Science News Climate Change

In March 2017, the Environmental Protection Agency (EPA) released a comprehensive booklet entitled Being Prepared for Climate Change that laid out potential risks associated with climate change, as well as the areas that might be most affected. However, there do not seem to be any specific measures for counteracting those risks. In terms of dealing with sea level rise, there is not an overarching national plan in place— or even in the works— that could possibly provide any sense of relief to those having to face the issue head-on.

In the US, residents of coastal cities like Miami have not only seen tangibly negative effects on their local infrastructure due to increases in flooding, but they have also seen local businesses take a hit. With much of the commerce in these areas closely tied to waterfront aesthetics, it is becoming more important that local and state government support business owners in their attempts to combat these effects.

For many coastal communities, it has become a matter of either installing pumps that operate around the clock— even on cloudless days— to clear the streets of excess water, or simply building their houses and businesses on higher ground. However, the latter “solution” has proved to be quite controversial.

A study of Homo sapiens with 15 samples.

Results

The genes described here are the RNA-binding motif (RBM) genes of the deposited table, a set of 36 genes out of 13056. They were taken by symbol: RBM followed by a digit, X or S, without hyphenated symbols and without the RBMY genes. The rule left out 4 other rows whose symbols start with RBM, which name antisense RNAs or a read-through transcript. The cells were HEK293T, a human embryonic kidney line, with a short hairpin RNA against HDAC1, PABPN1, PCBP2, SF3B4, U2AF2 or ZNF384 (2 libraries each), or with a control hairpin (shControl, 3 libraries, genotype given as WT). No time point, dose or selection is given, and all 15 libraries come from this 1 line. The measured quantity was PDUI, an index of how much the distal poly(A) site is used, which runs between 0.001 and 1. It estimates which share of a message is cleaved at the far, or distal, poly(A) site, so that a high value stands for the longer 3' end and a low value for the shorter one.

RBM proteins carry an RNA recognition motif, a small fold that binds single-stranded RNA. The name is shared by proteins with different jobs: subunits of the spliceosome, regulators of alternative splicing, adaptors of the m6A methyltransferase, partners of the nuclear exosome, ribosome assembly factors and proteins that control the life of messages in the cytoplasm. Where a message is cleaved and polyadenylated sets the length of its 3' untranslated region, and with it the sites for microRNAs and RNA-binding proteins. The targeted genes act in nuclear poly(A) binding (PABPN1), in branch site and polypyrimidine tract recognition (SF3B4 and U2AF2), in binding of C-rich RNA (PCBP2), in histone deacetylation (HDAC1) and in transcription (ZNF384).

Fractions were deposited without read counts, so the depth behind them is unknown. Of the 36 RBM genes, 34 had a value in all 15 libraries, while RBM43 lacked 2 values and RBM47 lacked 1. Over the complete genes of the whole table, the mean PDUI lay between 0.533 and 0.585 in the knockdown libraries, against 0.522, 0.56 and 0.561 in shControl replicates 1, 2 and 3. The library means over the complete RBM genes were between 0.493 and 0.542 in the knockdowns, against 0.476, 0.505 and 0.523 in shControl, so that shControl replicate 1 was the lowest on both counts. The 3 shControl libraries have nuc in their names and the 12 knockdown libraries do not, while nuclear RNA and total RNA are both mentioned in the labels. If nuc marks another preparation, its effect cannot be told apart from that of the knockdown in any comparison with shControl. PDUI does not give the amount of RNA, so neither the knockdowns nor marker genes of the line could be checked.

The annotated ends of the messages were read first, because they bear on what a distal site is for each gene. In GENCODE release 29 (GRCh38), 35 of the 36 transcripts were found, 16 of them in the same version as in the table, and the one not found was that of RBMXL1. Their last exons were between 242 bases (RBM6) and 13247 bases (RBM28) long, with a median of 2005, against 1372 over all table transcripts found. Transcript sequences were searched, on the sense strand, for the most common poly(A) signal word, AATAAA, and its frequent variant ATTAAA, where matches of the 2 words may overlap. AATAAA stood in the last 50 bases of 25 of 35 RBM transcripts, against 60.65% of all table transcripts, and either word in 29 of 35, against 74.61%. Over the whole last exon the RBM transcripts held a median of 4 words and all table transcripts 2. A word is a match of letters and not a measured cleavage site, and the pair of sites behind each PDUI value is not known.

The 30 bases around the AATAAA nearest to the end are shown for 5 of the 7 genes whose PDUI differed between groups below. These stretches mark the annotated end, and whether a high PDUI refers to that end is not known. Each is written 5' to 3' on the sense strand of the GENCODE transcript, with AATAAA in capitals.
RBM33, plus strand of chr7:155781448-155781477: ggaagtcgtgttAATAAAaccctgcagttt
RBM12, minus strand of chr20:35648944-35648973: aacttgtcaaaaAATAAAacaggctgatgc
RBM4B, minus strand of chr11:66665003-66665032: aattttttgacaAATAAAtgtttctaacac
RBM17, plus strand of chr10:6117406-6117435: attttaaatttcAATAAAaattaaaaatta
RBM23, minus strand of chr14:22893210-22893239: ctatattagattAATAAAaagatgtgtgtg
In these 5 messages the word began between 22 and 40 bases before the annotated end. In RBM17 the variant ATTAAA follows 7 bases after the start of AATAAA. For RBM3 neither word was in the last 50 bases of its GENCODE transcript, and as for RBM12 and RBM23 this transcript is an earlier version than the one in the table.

For example, in Miami, Scientific American reports that real estate buyers and speculators have increasingly been eyeing the high ground. The problem: due to Jim Crow-era zoning in many parts of the city, that high ground is largely occupied by black people who had originally been restricted to the older part of the city, as it was considered less desirable at the time. “Dry” neighborhoods are now what’s in, and residents must add gentrification to the growing list of unforeseeable side effects of climate change.

Ultimately, it is clear that rising sea levels will continue to affect many coastal communities across the globe for years to come. What is unclear, though, is how local and national governments will go about aiding in the fight to combat the effects of the issue.

Top photo by: Hermann/Pixabay

Natalie Wickstrom is a freelance writer based in Athens, Georgia. She most likely wrote this piece to the tune of a movie score whilst chewing gum.